Key takeaways

The Federal Council initiated a consultation procedure on the partial revision of the Cartel Act (CartA). If the government's proposals were to become law as proposed, this would have various implications for companies:

  • For notifiable transactions, increased intervention by the Competition Commission (COMCO) would have to be expected, even below the threshold of clear market dominance.
  • Regarding hardcore agreements under Article 5 paragraph 3 and 4 CartA, the line of defence that there is no significant restriction of competition due to a lack of quantitative effects would again be possible.
  • Civil actions based on a breach of competition law are likely to increase.

The partial revision is not expected to enter into force before 2023/2024.

Introduction

On 24 November 2021, the Federal Council opened the consultation procedure on the partial revision of the Cartel Act. The centrepiece of the proposal is the modernisation of merger control by changing from the current qualified market dominance test to the SIEC test ("Significant Impediment to Effective Competition"). In addition, a clarification of the substantive standard of review for hardcore agreements under Article 5 paragraph 3 and 4 CartA and modernisation of civil cartel law and cartel procedural law are proposed.

Background

After the failure of the ambitious revision of the law in 2014, the most important points of this comprehensive revision are to be implemented in a new attempt. In the eyes of the Federal Council, there is a particular need for action against the background of advancing digitalisation of the markets. Modernised merger control should enable the increasing tendency towards concentration of platforms to be counteracted more effectively.

In addition, a strengthening of civil cartel law should support better enforcement of cartel law and at the same time reduce COMCO's workload. Finally, the "clarification" of the assessment of hardcore agreements under Article 5 paragraph 3 and 4 CartA and the improvement of the administrative cartel procedure will implement various demands from parliamentary motions.

Change to the SIEC test in merger control procedures

Today's qualified market dominance test for assessing a planned concentration takes little account of the positive and negative effects of the concentration. The SIEC test, on the other hand, enables a more comprehensive assessment of all effects of a concentration on competition. With the SIEC test, the hurdle for prohibiting a concentration will be lowered in the future. The introduction of the SIEC test also results in a harmonisation with EU practice.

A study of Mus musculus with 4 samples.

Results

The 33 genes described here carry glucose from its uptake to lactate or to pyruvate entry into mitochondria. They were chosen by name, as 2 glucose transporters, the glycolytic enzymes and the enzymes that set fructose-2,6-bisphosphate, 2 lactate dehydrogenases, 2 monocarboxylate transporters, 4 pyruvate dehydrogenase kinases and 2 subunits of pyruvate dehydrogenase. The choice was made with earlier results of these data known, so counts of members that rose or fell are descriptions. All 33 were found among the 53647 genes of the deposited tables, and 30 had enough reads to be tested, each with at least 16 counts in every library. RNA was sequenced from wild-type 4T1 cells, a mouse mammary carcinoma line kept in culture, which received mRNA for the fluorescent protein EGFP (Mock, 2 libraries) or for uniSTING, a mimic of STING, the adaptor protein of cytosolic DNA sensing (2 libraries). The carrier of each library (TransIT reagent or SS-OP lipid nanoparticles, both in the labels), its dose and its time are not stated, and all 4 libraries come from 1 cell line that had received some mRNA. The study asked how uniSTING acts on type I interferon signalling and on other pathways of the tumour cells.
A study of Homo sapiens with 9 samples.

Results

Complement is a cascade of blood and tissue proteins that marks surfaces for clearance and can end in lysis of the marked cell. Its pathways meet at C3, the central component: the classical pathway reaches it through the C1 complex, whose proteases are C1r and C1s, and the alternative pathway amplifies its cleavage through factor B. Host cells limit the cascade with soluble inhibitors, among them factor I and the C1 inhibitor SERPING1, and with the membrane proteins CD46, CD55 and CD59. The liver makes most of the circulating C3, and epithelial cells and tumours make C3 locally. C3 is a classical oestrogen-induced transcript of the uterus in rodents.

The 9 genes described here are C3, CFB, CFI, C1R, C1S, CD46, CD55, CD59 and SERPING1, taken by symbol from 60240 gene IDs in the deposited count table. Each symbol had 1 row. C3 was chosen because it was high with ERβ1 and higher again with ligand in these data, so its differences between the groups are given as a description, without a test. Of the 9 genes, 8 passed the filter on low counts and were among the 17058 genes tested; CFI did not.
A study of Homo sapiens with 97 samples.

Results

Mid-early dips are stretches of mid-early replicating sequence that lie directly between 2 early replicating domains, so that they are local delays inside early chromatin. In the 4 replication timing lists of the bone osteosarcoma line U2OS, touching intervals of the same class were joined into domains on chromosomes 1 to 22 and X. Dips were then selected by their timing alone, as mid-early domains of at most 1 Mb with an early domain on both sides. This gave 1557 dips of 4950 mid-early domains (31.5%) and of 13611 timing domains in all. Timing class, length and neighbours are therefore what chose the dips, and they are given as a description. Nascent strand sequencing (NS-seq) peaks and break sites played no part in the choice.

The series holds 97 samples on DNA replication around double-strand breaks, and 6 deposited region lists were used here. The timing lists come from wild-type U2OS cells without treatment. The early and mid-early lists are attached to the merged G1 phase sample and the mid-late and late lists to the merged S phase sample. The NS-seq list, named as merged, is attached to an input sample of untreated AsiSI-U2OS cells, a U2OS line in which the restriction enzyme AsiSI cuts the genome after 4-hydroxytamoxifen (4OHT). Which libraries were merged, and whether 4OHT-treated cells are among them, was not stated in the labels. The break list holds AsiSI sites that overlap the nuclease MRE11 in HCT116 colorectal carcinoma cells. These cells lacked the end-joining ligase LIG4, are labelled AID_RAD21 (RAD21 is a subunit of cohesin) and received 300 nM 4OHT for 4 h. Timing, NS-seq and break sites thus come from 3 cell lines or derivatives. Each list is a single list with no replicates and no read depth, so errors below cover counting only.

At the same time, a new exemption from the notification requirement in Switzerland is to be created for planned concentrations subject to notification in the EU whose product markets include both Switzerland and the EEA. These shall no longer be examined by COMCO. Only a copy of the notification to the European Commission shall be submitted to COMCO.

Clarification of the assessment of hardcore agreements

In the Gaba decision, the Federal Supreme Court ruled that for hardcore agreements (horizontal agreements on prices, quantities or territories as well as vertical territorial foreclosures and resale price maintenance) the significance of the restriction of competition is in principle (irrefutably) presumed and quantitative effects (primarily based on market shares) are not to be taken into account. Now, however, the admissibility of hardcore agreements affecting competition is again to be determined based on a weighing of qualitative and quantitative criteria in the individual case.

Strengthening of civil cartel law

Strengthening civil cartel law is intended to create an incentive for private parties to increasingly take the civil law route. The proposed instruments to achieve this goal are:

  • Extension of the right to sue to, among others, also include consumers (or after assignment of the claims consumer organisations)
  • Suspension of the statute of limitations for claims for damages during the investigation proceedings of COMCO
  • Declaratory relief of the unlawfulness of agreements affecting competition
  • Sanction-reducing effect of compensation payments and profit disgorgement payments made

Selective adjustments to the administrative procedure

The administrative law procedure is to be simplified, shortened and improved overall. Planned measures include the introduction of non-binding deadlines for COMCO and the courts and party compensation for the first instance proceedings before COMCO. In addition, the time limit for the opposition procedure ("Widerspruchsverfahren"), which is rarely used today, is to be reduced from five to two months.

Significance for companies and next steps

The proposal for the partial revision of the Cartel Act is still at a very early stage. The consultation period will last until 11 March 2022, after which Parliament will have to discuss the proposal. It remains to be seen which of the proposed changes will ultimately remain part of the reform. The revised provisions are not expected to enter into force before 2023/2024.